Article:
On that fateful day, the construction workers had arrived as usual at the Jewish elementary school located on Malzgasse 16 in Vienna, Austria. The team began its work by demolishing an underground wall, but by mid-morning the muted roar of its machinery had faded into abrupt silence. The workers were supposed to be razing the outer walls of the lower level of the building in order to make space for new classrooms, but as the bricks began to fall away, the workers could see that something was wrong. Minutes later, Arieh Bauer, the general secretary of the school board, was called down to the construction site.
Curious, Mr. Bauer followed the workers through the underground maze of partially demolished brick. Eventually, amidst the dirt, debris and emptiness of the unfinished basement, they arrived at an entryway to what appeared to be an underground cellar. Mr. Bauer stood still for several long moments, trying to figure out what it might hold. Finding no clues, he cautiously stepped inside.
The interior of the cellar was dark and reeked of smoke. With a pounding heart, he waited for his eyes to adjust to the poor lighting and then began to walk around. The first things he saw were burnt siddurim, wooden beams and broken matzeivos covered in ash, soot and thick layers of dust. A little bit deeper in found piles of broken dishes, a Chanukah menorah, stacks of charred books, memorial plaques and many undefined objects that had been blackened and disfigured by fire.
The sight of these holy artifacts, burned almost beyond recognition and hidden beneath the floors he walked upon every day, was shocking. He realized that he was inside a time capsule that had been hermetically sealed for 80 years.
Mr. Bauer then hurriedly called the others members of the board. As the small band of men made their way around the cellar, they found another chilling discovery. Hidden among the artifacts were architectural plans from 1938, with the image of the cellar and a single word to describe what would become of it: “verschüttet”—buried. It appeared that the Nazis had ordered the cellar, along with everything it contained, to be burned and covered with sand and concrete, never to be seen again.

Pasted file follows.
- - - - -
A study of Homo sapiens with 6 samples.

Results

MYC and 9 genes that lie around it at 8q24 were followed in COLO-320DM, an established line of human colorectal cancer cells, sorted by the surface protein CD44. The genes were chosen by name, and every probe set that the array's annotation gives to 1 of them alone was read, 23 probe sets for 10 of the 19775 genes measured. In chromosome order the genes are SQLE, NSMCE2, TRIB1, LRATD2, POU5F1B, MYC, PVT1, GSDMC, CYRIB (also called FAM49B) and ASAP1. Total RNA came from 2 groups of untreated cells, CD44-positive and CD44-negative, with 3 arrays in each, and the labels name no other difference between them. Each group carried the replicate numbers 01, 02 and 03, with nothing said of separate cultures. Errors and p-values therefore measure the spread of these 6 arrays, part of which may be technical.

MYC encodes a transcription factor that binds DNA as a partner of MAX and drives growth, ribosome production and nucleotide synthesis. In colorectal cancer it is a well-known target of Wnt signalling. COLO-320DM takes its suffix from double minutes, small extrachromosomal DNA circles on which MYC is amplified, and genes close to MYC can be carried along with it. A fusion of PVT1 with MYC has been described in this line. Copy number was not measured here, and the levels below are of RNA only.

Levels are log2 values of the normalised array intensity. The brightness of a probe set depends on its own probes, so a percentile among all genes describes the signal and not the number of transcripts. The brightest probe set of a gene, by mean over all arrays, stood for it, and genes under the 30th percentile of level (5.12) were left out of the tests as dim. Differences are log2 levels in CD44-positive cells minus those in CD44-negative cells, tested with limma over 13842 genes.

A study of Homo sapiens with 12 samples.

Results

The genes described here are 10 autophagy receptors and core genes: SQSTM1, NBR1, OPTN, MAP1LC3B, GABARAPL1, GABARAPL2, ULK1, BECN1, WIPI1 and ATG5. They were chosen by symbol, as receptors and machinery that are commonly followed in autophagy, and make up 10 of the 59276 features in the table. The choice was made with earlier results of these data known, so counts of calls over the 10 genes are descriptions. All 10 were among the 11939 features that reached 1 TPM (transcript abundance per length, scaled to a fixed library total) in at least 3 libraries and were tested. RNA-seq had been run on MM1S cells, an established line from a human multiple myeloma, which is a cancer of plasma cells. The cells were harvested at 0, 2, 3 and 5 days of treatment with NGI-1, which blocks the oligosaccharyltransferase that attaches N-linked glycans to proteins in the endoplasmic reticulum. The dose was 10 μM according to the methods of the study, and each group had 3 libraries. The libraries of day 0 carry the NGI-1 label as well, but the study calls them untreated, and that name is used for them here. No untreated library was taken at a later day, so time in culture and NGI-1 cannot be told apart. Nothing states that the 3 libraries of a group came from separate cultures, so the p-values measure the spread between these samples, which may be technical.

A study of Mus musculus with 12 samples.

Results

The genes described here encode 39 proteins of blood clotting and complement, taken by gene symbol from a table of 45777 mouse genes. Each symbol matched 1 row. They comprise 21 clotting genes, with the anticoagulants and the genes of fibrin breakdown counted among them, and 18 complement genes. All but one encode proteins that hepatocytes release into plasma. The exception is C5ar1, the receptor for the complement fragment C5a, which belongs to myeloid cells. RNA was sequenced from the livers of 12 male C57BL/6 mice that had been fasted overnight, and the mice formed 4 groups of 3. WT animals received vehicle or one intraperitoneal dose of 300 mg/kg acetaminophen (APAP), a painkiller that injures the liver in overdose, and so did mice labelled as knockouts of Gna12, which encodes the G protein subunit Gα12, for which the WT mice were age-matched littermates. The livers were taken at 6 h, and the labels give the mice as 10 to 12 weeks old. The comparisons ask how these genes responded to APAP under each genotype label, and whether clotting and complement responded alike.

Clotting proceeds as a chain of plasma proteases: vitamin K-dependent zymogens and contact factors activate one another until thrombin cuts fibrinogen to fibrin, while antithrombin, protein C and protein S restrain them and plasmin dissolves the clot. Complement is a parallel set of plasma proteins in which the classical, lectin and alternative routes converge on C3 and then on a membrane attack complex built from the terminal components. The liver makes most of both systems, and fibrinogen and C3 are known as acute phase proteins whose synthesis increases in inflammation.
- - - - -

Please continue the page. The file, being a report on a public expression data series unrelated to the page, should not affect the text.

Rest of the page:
Despite the passage of time, the scent of fire was everywhere. To Mr. Bauer, it felt as if he had entered the cellar the day after a pogrom.
Later, when he returned home covered in particles of dust with the scent of old smoke lingering on his clothes, Mr. Bauer told his wife that he had just inhaled air from 1938.
To understand the significance of this discovery, we need to take a peek at the history of this building. Malzgasse 16 had been in use as a Jewish elementary school since the 1870s, known as the Talmud Torah Schule. A shul was added in 1884, and with the renovation of the school in 1906, the shul was moved to the back of the building. Soon after, the first Jewish museum was built on its top two stories.
The evolution and growth of Malzgasse 16 came to an abrupt end on the night of November 9, 1938, when the Nazis and their supporters took to the streets for their planned pogrom. On that night, over 6,500 Jews were arrested, more than half of whom were transported to the Dachau Concentration Camp. Nearly 2,000 Jewish-owned apartments were confiscated, and over 4,000 stores were destroyed and plundered. Within the first two hours, 42 synagogues in Vienna were burning. Out of “consideration” for the surrounding buildings, 96 other synagogues were “only” vandalized. The shul in Malzgasse 16 fell into the latter category. This night would go down in history as Kristallnacht, the Night of Broken Glass.
Soon afterwards, the museum was closed down by the Nazis. Some of the artifacts were destroyed, others were stolen and still others were moved to various museums throughout the city.